Where is it?
Access: From Uxbridge Road, Green Drive and Boyd Avenue, Southall.
Bus: 195, 207, 427, 607 with stops on the Uxbridge Road, and 95, 482, H32, 105, 120, E5 with stops on South Road
Train: Southall mainline on South Road
- Play centre
- Multi use games area
- Play ground
- Adult exercise area
About the park
Mainly formal parkland with small sections set aside for nature conservation, recreation. The site also has a playground, play centre, a dual use tennis court and MUGA area shared which is shared with Villiers High School. Other features include mosaic globe (designed by local school children), and water cascade.
Brief history of site
The Merricks lived in Southall Haw (a house later known as Southall Park) and were the second largest landowners in the area. The house ceased to be a private house from 1839, when it became a private asylum until 1883. The asylum was first owned by Sir William Ellis then by Lady Ellis and last by Dr Robert Boyd. The asylum then burnt to the ground in 1883, killing the owner and five others. Boyd Avenue was named after Dr Boyd.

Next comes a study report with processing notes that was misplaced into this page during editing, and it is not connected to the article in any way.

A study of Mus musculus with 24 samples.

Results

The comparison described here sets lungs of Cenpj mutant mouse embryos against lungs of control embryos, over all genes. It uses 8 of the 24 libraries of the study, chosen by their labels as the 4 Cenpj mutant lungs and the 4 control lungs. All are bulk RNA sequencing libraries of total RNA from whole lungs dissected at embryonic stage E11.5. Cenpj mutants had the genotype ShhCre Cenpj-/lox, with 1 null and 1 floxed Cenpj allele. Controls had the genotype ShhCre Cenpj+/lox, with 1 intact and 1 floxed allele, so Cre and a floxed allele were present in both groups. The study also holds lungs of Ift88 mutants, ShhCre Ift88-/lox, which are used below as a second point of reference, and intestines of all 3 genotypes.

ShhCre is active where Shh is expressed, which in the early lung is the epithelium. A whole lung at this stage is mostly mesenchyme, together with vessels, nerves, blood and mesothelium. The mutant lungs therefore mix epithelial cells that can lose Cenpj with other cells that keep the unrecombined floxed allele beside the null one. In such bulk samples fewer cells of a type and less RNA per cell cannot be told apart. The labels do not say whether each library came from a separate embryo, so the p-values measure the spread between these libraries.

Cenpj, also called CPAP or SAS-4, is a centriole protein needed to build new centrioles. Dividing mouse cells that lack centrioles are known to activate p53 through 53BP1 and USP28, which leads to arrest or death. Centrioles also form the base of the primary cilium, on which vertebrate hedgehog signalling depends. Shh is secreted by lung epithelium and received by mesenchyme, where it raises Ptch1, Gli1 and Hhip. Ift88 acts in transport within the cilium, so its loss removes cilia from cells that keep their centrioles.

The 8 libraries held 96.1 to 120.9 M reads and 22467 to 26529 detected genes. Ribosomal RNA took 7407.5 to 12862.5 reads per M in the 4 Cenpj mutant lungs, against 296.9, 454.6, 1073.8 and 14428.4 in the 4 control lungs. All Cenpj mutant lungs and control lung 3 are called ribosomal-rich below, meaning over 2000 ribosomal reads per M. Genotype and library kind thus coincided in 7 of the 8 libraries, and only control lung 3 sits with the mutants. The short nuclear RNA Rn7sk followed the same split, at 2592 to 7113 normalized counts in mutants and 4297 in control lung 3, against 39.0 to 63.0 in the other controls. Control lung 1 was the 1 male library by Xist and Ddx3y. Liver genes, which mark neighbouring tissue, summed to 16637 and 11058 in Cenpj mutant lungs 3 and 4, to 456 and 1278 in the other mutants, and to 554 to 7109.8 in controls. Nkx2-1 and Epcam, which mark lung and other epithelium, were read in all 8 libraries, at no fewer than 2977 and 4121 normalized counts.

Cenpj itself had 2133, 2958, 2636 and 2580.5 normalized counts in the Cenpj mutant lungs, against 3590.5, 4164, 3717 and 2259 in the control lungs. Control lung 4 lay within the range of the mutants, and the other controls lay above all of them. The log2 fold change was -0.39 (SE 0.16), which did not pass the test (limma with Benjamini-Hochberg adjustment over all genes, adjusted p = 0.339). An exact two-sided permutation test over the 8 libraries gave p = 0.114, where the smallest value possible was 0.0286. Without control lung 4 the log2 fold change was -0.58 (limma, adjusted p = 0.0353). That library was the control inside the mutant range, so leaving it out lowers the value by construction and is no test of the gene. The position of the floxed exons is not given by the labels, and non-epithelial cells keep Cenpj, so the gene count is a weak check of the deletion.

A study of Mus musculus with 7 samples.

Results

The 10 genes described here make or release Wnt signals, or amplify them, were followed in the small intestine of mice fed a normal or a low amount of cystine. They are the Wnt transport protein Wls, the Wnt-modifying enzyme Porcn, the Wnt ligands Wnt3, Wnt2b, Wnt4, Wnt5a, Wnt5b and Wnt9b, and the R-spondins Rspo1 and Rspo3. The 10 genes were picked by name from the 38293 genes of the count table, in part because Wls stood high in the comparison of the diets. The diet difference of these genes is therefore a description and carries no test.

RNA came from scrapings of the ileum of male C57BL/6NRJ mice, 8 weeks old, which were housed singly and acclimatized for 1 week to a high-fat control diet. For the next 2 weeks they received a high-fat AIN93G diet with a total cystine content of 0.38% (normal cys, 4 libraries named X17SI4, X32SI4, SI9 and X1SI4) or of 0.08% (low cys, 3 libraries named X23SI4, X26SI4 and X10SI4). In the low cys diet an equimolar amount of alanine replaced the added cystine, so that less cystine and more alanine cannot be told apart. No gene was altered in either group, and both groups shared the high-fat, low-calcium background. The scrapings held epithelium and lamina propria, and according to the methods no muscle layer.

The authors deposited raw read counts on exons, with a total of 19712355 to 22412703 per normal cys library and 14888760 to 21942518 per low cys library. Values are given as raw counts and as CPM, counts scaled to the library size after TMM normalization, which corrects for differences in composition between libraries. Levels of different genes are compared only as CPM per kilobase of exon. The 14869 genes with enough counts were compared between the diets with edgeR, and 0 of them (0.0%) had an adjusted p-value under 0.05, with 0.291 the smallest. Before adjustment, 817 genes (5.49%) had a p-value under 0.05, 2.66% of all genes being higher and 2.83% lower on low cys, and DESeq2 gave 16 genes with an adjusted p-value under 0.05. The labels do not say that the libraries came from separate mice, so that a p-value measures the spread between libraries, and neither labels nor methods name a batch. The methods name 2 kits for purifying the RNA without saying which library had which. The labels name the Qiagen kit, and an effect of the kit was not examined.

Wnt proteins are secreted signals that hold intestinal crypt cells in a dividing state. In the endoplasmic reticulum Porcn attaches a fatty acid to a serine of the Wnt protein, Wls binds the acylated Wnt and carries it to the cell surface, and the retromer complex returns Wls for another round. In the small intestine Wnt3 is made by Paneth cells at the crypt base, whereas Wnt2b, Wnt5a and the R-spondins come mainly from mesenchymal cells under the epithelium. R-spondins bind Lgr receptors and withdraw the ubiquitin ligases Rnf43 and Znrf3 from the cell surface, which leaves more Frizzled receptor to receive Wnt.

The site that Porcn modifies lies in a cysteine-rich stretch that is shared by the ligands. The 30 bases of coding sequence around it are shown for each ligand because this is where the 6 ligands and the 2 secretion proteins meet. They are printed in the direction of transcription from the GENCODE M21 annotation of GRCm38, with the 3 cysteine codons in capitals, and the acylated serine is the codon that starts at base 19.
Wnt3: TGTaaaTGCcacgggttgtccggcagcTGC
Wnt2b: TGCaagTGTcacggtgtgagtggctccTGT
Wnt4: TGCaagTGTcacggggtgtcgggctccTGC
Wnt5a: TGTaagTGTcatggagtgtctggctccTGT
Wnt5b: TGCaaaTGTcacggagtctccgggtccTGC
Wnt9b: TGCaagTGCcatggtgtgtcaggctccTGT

After taking over the park between 1910–1930 the council constructed new footpaths, a bandstand, a circular walk within the former grounds of the house (now the Spring garden), a boating lake, tennis courts, a bowling green, a play area and a pavilion. Construction of a boating lake started in 1923 and included and children's paddling pool. It consisted of two canal-like structures with a lake at the end.
Southall Park is a diverse area of green space in Ealing. Numerous flora and fauna species are found in the park including:
several native and exotic tree species - English Oak, London Plane, Dawn Redwood, Eucalyptus
birds - Goldfinches, Blackbirds, Tits, Woodpeckers, Green Ring-necked Parakeets, Lesser Spotted, Great Spotted and Green Woodpecker, Redwing, Fieldfare, Mistlethrush, Black Headed Gull and Common Gull
mammals - fox and grey squirrel
The rangers created a nature conservation area in 2003 to help improve biodiversity and habitat value. The nature area consists of a pond, cornflower meadow and planted copse areas, which provides an important feature to the park and haven for wildlife.
Significant species of interest exclusively recorded in the area so far are:
- common frogs
- marsh marigold
- yellow flag iris
- corncockles and ox eye daisy
The conservation area was extended to include a woodland walk with new hoggin paths, a birch copse and a holly and yew hedge in 2007.